Paul Casey and David Lynn beat Miguel Angel Jimenez and Matteo Manassero by a hole to even the contest. The tournament ends on Sunday with 10 singles. Each team needs 5 1/2 more points for victory. Continental Europe lost the last six meetings and is trying to win the trophy for the first time since the inaugural contest in 2000. After two days of fourballs, Continental Europe was leading 5 1/2-4 1/2. On Saturday morning, Nicolas Colsaerts and Gonzalo Fernandez-Castano halved their match with Stephen Gallacher and Paul Lawrie. The Scottish duo was three down after eight holes, but birdied Nos. 16 and 17. Fernandez-Castano missed the winning putt from 10 feet on the last hole. Joost Luiten and Gregory Bourdy birdied their last three holes to beat Jamie Donaldson and Marc Warren 2 and 1. Chris Wood and Scott Jamieson combined for six birdies to defeat Thorbjorn Olesen and Francesco Molinari 2 and 1.
Jari-Matti Latvala (Finland) Volkswagen 2:18:58.300 2. Daniel Sordo (Spain) Citroen +00:00.400 3. Sebastien Ogier (France) Volkswagen 00:01.500 4. Sebastien Loeb (France) Citroen 00:05.000 5. Thierry Neuville (Belgium) Ford 01:10.400 6. Evgeny Novikov (Russia) Ford 02:16.400 7. Mikko Hirvonen (Finland) Citroen 02:43.100 8. Mads Ostberg (Norway) Ford 02:57.200 9. Andreas Mikkelsen (Norway) Volkswagen 03:19.200 10. Martin Prokop (Czech Republic) Ford 05:25.200
Credit: Reuters/Christian Hartmann By John Irish and Emmanuel Jarry PARIS | Thu Oct 3, 2013 8:21am EDT PARIS (Reuters) – France’s military will cut about 7,500 jobs next year, a defense ministry source said on Thursday, detailing government belt-tightening plans that the far-right hopes will deliver it votes at municipal elections in 2014. The cuts come as tensions rise within Socialist President Francois Hollande’s 17-month-old coalition, whose poll ratings have fallen to 23 percent due to dissatisfaction about the economy and jobs. The defense ministry said in April that 34,000 jobs would likely be cut over the coming six years, but its overall budget would remain largely static, steering clear of drastic spending cuts after military officials and lawmakers said that would reduce France’s ability to counter global security threats. “Given the six year objectives, (the cut) should be around 7,000 to 7,500 military and civilian personnel in 2014,” the source said on condition of anonymity, ahead of a news conference by Defence Minister Jean-Yves Le Drian. A handful of bases will be closed or restructured, including an 800-man regiment in the town of Orange in the Vaucluse department, where support for the anti-immigrant, anti-European Union National Front is strong, the source said. Marion Marechal-Le Pen, a National Front member of parliament for Vaucluse, said the cuts would hurt France’s defenses and local economies in areas like hers. “I can only worry about the immediate economic impact in a region that has already been heavily hit by unemployment and economic difficulties,” she said, reacting to media reports about the cuts. “The governments of the right and the left have preferred to sell off our military know-how and lose our diplomatic independence by making small short-term savings. That will cost France’s sovereignty dearly in the coming years,” she said. France’s military employs some 228,000 personnel today. A further 165,000 individuals are employed by the defence industry, not including sub-contractors. The government plans 15 billion euros ($20 billion) in savings next year and 3 billion extra revenues from higher taxes and fighting tax evasion to reduce the budget deficit. (Editing by Tom Heneghan and Robin Pomeroy)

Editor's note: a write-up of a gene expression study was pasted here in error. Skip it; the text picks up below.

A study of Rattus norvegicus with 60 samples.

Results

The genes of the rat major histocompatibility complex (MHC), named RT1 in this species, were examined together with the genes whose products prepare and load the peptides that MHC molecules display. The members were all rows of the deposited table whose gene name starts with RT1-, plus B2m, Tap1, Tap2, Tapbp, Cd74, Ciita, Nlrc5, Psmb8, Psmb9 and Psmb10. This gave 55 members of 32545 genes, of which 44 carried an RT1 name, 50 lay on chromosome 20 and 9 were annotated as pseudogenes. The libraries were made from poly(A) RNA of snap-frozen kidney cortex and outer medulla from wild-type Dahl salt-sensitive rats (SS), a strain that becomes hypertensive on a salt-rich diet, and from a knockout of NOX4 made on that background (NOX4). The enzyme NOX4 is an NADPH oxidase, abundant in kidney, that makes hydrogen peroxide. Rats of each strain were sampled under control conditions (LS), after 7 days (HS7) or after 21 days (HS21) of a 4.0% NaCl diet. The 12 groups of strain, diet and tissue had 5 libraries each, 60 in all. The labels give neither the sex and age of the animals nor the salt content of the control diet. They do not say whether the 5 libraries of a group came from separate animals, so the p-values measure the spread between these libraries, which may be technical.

5, 2013 at 3:22 PM CALAIS, France, Oct. 5 (UPI) — A group of 60 Syrian nationals seeking asylum in Britain ended their protest in a French port after being denied passage, officials said. Members of the group had said they thought they wanted to settle in France but since arriving, they’ve been treated “worse than animals” with French police targeting them and being forced to live outside. After their treatment in France, the group stated they wanted to go to Britain but the British government denied them passage to seek asylum after taking over a ferry staging area in Calais since Wednesday, Skynet News said Saturday. British officials said they would consider individual requests for asylum but refused to take the group of 60 refugees together. Two members of the group climbed to the roof of the building and threatened to jump if their demands weren’t met. Another 20 were said to be on a hunger strike, officials said. In the end, the group dispersed peacefully. French officials said they would fast-track their asylum applications after the protest began but were rebuffed. Now, French police said, they suspect the individuals will live on the streets illegally and may eventually seek safe passage to Britain as undocumented aliens. Though France has said it would accept Syrian refugees looking for political asylum, only about 850 applicants of the hundreds of thousands of displaced Syrians have gone there, the United Nations said.